When it comes to the biggest U.S. sports event of the year, social media can’t be left to one or two people.
“For something like the Super Bowl or a big global brand, it’s not something where you can just hire a community manager, give them Tweetdeck, and call it a day,” says Taulbee Jackson, president and CEO of Indianapolis-based interactive communications firm Raidious. “That’s not realistic if you want to deliver any results from that.”
That’s why Raidious, along with the Indianapolis Super Bowl Host Committee, is dedicating a new, 2,800-square-foot downtown space to the effort. The “social media command center,” as it’s called, has a team of about 50 employees and student volunteers—working on rotating shifts—who direct people to events, answer questions, and otherwise help people get around the big game’s host city.
The command center is the first that any Super Bowl host city has had, but Jackson says it’s probably the future of big-event social media.
Calling the play
The host committee initially approached Raidious about helping with its social media strategy in October 2010, well before even last year’s Super Bowl. Around that time, Raidious was outgrowing its current office and looking for more space. So after a few months of research, the company gave the committee a plan that included the command center, which will eventually become the new Raidious office.
“A lot of it had to do with serendipitous timing,” says Jackson. “We thought, gosh, we could invest a little bit more money and make this the social media command center for the Super Bowl.”
Following what he calls “a lot of push,” the committee agreed to the idea. “As it is with many different marketing or communications efforts, social tends to be one of the last things people think about.”
Jackson says getting the command center and the accounts in place well in advance helped the company and the committee navigate such a huge undertaking. “When you’re dealing with a committee that’s got 63 different areas and 30 communications liaisons, you have to communicate with a lot of people about this,” he says.
The command center is “actually set up for the way Raidious works every day,” Jackson says. It runs like a newsroom, with about half the team working on “reactive content,” monitoring 300 or so keywords using the Awareness Social Marketing Hub.
“When [volunteers] see something in their keyword stream that they can find an answer to, they respond,” Jackson says. Those responses go to Raidious staffers for final approval, and then they go live.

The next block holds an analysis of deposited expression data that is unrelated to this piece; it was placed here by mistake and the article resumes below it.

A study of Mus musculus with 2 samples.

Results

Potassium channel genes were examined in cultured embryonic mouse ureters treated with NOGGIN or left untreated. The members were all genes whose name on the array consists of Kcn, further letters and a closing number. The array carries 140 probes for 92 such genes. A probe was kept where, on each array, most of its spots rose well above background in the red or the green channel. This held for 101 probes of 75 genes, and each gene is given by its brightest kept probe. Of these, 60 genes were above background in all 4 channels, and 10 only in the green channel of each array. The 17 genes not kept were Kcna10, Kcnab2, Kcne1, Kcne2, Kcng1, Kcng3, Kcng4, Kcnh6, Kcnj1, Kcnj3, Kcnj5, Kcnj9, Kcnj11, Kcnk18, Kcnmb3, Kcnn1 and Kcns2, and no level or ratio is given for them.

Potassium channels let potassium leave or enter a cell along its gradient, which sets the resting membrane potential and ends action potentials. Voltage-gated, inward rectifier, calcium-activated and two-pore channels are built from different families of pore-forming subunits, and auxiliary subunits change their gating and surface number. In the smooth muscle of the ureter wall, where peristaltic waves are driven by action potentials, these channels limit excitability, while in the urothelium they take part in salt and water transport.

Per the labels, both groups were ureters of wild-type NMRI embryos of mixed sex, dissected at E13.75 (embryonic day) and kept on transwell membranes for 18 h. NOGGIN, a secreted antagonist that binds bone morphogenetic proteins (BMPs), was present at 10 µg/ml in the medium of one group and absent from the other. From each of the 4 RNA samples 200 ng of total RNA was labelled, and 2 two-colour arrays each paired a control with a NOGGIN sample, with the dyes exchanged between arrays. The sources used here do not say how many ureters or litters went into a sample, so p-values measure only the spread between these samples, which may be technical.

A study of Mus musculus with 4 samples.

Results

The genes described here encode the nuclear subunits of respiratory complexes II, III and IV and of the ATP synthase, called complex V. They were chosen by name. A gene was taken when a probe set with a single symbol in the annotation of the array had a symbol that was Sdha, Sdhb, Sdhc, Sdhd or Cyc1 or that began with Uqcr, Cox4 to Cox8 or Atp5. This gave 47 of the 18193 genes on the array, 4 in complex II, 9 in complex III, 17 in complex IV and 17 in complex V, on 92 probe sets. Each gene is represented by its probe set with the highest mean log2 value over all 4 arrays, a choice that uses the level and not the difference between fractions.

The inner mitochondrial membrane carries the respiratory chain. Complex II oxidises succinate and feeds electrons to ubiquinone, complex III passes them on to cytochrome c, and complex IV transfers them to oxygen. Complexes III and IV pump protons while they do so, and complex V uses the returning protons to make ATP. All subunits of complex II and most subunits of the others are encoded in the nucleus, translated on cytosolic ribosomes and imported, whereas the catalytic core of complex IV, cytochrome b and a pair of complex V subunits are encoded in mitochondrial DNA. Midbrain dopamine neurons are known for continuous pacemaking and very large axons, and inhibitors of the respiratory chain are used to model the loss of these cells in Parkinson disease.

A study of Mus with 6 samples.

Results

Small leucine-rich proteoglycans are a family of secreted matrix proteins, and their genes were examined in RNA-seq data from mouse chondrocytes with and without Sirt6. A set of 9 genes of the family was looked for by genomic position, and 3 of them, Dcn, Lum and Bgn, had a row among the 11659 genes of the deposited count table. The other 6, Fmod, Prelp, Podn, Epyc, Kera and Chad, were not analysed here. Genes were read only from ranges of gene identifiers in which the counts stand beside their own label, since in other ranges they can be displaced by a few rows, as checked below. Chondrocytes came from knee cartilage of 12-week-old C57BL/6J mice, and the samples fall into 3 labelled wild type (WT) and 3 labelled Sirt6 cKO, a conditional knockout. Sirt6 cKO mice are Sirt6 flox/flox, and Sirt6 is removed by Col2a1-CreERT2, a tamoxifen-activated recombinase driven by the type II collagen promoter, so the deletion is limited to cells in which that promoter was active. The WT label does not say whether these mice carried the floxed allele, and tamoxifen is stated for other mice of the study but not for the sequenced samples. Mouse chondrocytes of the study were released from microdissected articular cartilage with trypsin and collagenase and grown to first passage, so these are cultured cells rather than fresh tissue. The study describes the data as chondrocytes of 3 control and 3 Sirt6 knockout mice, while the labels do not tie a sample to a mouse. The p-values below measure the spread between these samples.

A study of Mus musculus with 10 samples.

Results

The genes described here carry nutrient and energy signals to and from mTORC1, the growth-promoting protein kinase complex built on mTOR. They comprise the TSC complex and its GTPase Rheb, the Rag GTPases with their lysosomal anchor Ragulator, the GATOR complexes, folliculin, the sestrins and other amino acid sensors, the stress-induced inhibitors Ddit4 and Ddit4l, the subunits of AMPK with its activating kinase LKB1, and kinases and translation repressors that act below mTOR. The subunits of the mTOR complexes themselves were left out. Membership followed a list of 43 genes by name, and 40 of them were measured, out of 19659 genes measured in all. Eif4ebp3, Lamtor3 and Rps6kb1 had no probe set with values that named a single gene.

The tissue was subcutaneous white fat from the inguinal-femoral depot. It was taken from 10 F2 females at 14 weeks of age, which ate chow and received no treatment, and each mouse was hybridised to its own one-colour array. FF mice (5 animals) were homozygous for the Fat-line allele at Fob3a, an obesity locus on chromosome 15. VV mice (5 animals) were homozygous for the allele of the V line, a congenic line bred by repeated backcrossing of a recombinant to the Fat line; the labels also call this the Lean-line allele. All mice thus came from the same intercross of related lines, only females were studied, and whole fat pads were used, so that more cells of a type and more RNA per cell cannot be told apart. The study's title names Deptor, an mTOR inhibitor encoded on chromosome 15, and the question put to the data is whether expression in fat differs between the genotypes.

The volunteers at the command center, all of whom come from local universities, are trained in the basics of the software, says Jackson, but there isn’t a ton of telling them exactly what to say. If a volunteer has a question, a Raidious staffer is right there to answer.
The other half of the crew works on developing new content, going around Indianapolis to gather photos, videos, and stories. For instance, a post on the host committee blog depicts what it’s like to be a fan at the NFL Experience at the Indiana Convention Center.
To test the process, Raidious and some of the volunteers tried it out at the Big 10 Conference men’s football championship, Jackson says. “We tested a lot of assumptions about which keywords we wanted to look for, how we wanted to answer questions, and how many different ways we wanted to ask the same question to get an answer.”
The team’s keeping things interactive, too. They reached out to what they call the “social 46,” the 46 most influential social media users in Indianapolis, according to Klout. “They’ve been very proactive about helping us and visitors through the city.”
Visitiors to Indianapolis will find social sharing kiosks citywide; there they can tell their Super Bowl stories, Jackson says. And Raidious handed out 46 Media Day tickets to citizen journalists so they could bring back their tales for others to enjoy.
The host committee’s Twitter social media account’s not the only Super Bowl account out there. For example, the NFL has its own @SuperBowl account, but those accounts serve different purposes, says Jackson.
“The NFL is about football, they’re not in the visitor experience business the way Indianapolis is,” he says.
That doesn’t mean Raidious can’t answer football questions. The team in the command center uses a ChaCha database of questions and answers to be ready for any query that could come its way. Jackson says Raidious’s plan of attack is four-pronged.
First and most important is safety, he says. The command center is connected to a team at the stadium and a local homeland security center to make sure any emergencies can be reported quickly. For example, when some parts of the stadium were closed due to a wind advisory, the message went out within moments.
Next comes service—informing people about local hotels, restaurants, and other spots, as well as responding to negative remarks. In line with that, the team aims to capture what’s happening by informing people about concerts at the Super Bowl village or opportunities to be on the NFL Network.
Matt Wilson is a staff writer for Ragan.com.